Sean O'Brien faced online body-shamers earlier this year, but his ordeal took him on a remarkable journey with support from people across the world.
/ Source: TODAY Contributor

Back in February, British man Sean O’Brien, 48, faced online body-shaming after photos of him dancing were posted on the website 4chan. After his story went viral, Cassandra Fairbanks — along with Hope Leigh Rollins, Elyse Berger, Katy Dolle and many others — launched an effort to find O’Brien, whom they nicknamed “Dancing Man,” and organize a big dance party for him.

O’Brien opens up about his remarkable year as part of “2015 Voices,” a special series of essays and interviews with newsmakers behind some of TODAY’s biggest moments of the year.

Sean O'Brien, aka "Dancing Man"
Sean O'Brien dancing with television personality Whitney

It still sounds unreal when I try to explain to friends what has happened in my life over the past nine months. And, in truth, I keep pinching myself to make sure that I really am not dreaming.

Since the day someone thought it was a good idea to body-shame me via the 4Chan website with the words, “I Saw This Specimen,” my life has turned into one spectacular journey. Along the way I have experienced some truly once-in-a-lifetime opportunities, and had the good fortune and pleasure to meet many inspirational people.

I will forever be thankful to the people who had the courage to say enough is enough, and decided to take a stand against such posts by reaching out to me and suggesting we hold a dance party.


In May, I flew to New York, where I finally had the chance to meet some of the people responsible for this “campaign,” and we got to talk face to face. There was an instant connection between us, and it all seemed so natural, it was uncanny.

After giving my first ever interview on the TODAY show on May 22, I was subsequently surprised by then getting to dance with the fabulous Meghan Trainor in Rockefeller Plaza.

Then it was off to Los Angeles to attend the dance festivities. Once there, it was a whirlwind tour, meeting Tatyana Ali, who was to host the party; Monica Lewinsky, who was to speak at the party; and TV personality Whitney Way Thore, who wanted to include the occasion on her season finale of “My Big Fat Fabulous Life.” Everyone was so welcoming and warm, it was not hard to feel at ease.

I then had several interviews to attend with press from across the U.S., Japan, Germany and the U.K. I was, and still am, amazed at how far the story reached and how much it must have resonated with people from all walks of life.


The whole experience did not really sink in until the time came to enter the venue, when I was met by paparazzi and a queue of more than 200 people outside. The party itself was amazing, and it was all topped off by a $30,000 donation to our nominated charities from a new social media app called Gudly. I also learned on stage that I would get to throw the first pitch at the L.A. Dodgers’ baseball game the next day and appear on the Dancecam (in my new DancingMan Dodgers shirt). It was suddenly hard not to feel a little proud that I was a part of this amazing evening.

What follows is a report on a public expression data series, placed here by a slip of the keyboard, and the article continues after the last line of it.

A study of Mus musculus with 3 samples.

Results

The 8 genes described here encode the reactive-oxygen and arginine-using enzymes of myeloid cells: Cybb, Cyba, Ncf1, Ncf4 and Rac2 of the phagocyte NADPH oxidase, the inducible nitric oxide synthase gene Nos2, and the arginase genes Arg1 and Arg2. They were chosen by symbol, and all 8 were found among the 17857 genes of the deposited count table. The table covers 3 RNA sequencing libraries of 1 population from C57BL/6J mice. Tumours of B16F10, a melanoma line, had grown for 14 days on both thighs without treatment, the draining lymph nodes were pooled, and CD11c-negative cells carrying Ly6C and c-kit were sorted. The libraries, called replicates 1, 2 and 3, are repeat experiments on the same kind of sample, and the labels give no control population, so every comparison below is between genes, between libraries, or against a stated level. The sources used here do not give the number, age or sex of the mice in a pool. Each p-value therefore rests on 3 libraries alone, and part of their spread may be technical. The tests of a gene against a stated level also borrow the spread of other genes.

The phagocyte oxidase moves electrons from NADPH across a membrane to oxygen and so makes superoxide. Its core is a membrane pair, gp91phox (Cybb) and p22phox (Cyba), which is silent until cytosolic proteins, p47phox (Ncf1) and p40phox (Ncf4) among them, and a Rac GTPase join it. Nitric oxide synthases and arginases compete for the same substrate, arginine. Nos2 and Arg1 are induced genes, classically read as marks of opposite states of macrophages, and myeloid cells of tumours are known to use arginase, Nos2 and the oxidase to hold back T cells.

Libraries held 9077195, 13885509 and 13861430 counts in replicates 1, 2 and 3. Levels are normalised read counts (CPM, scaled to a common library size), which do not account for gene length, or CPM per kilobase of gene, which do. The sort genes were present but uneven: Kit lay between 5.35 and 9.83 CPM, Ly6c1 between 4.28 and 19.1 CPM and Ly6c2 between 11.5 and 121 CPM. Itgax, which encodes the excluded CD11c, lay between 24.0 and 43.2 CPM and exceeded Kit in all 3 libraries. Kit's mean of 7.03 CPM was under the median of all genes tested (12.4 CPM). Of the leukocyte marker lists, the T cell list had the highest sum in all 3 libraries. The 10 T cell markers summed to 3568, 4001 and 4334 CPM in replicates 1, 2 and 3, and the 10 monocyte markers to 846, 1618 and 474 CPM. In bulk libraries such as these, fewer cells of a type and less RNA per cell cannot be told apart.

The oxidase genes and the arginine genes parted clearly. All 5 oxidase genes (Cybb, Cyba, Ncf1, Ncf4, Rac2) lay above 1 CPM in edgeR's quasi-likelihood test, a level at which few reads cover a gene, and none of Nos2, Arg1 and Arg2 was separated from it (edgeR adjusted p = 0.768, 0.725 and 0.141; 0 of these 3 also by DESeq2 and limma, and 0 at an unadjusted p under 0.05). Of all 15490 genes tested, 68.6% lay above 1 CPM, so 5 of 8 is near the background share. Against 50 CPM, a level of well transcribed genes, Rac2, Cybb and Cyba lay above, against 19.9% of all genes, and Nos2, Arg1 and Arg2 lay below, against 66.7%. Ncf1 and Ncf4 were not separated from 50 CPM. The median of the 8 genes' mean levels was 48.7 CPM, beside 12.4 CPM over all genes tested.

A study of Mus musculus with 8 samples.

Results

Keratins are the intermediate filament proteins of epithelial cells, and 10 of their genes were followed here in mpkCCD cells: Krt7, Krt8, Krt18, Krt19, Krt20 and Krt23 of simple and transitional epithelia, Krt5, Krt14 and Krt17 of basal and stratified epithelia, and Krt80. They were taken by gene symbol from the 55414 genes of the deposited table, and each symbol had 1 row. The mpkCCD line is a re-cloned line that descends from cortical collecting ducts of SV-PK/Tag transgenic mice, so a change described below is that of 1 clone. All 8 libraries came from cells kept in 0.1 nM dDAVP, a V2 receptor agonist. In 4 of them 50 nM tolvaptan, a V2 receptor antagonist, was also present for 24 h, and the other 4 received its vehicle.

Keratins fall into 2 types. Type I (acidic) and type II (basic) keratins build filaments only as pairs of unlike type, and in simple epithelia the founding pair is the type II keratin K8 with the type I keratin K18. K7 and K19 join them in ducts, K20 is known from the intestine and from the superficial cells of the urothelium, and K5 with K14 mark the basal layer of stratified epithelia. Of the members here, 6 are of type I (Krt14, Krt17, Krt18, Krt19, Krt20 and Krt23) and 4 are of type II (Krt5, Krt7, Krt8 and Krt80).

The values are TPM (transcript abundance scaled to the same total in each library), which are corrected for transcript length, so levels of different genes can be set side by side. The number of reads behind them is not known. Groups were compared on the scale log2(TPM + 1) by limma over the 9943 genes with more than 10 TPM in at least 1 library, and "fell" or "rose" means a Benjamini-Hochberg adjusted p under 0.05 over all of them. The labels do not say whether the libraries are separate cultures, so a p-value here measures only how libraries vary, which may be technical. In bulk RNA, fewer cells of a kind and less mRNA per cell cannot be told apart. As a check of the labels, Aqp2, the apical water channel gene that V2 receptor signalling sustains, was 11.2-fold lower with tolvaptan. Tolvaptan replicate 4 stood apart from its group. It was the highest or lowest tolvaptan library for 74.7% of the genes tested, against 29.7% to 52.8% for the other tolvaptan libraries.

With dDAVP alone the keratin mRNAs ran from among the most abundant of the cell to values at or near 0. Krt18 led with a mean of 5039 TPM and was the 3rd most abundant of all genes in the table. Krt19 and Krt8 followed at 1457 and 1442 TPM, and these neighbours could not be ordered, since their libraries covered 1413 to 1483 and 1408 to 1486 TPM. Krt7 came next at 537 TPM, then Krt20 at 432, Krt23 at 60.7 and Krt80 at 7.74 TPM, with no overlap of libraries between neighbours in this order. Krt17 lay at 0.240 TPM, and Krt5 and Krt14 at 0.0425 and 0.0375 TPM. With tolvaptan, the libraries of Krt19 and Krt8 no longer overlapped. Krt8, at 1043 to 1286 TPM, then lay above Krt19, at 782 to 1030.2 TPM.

Sean O'Brien hugs DJ Tropicool
Sean O'Brien hugs DJ Tropicool, who opened for Moby at the dance

The surprises didn’t end there though. I was also taken to a taco lunch by Dita Von Teese, who picked me up in her 1950 vintage Cadillac and drove me to the restaurant where we chatted as though we were old friends, and 12 of us then had the most fantastic private tour of the L.A. Coliseum ending with a private picnic in the end zone.

I thought that once the party had occurred, the media attention would die down, but upon my return to the U.K., the momentum continued with television appearances and radio interviews. We always discussed the important issues of online bullying and the charities that we now support — Kidscape, the Diana Award, Cybersmile, Pacer and I Am That Girl.

During all of this, I continually get asked the same three questions: What was the highlight? What’s next? And what would you say to anyone who finds themselves bullied? I always try to answer all in the same way. The first real highlight was meeting the people who had the courage to initially send out the message of support and whom I can now truly call my friends. I have since been back to the U.S. twice to visit all the people concerned.


That all starts with me coming completely out of my comfort zone to run three 10K runs next year in Liverpool, London and Los Angeles.

And the third is to just focus on how the people close to you value you, and to try not to put too much emphasis on the words, comments or actions of people who play such a limited part in your life. As easy as that is to say, we should also be aware that there are many great organizations that exist just for this reason and are there to support you.

Always remember: Bighearted people far outweigh the small-minded every day of the week.

I have often wondered who the original posters were or what their motives were for doing what they did, but I always end up just hoping that they are as content in their lives as I am in mine.

Indeed, as a result of these images, my life has only improved, and for this, quite ironically, I am thankful.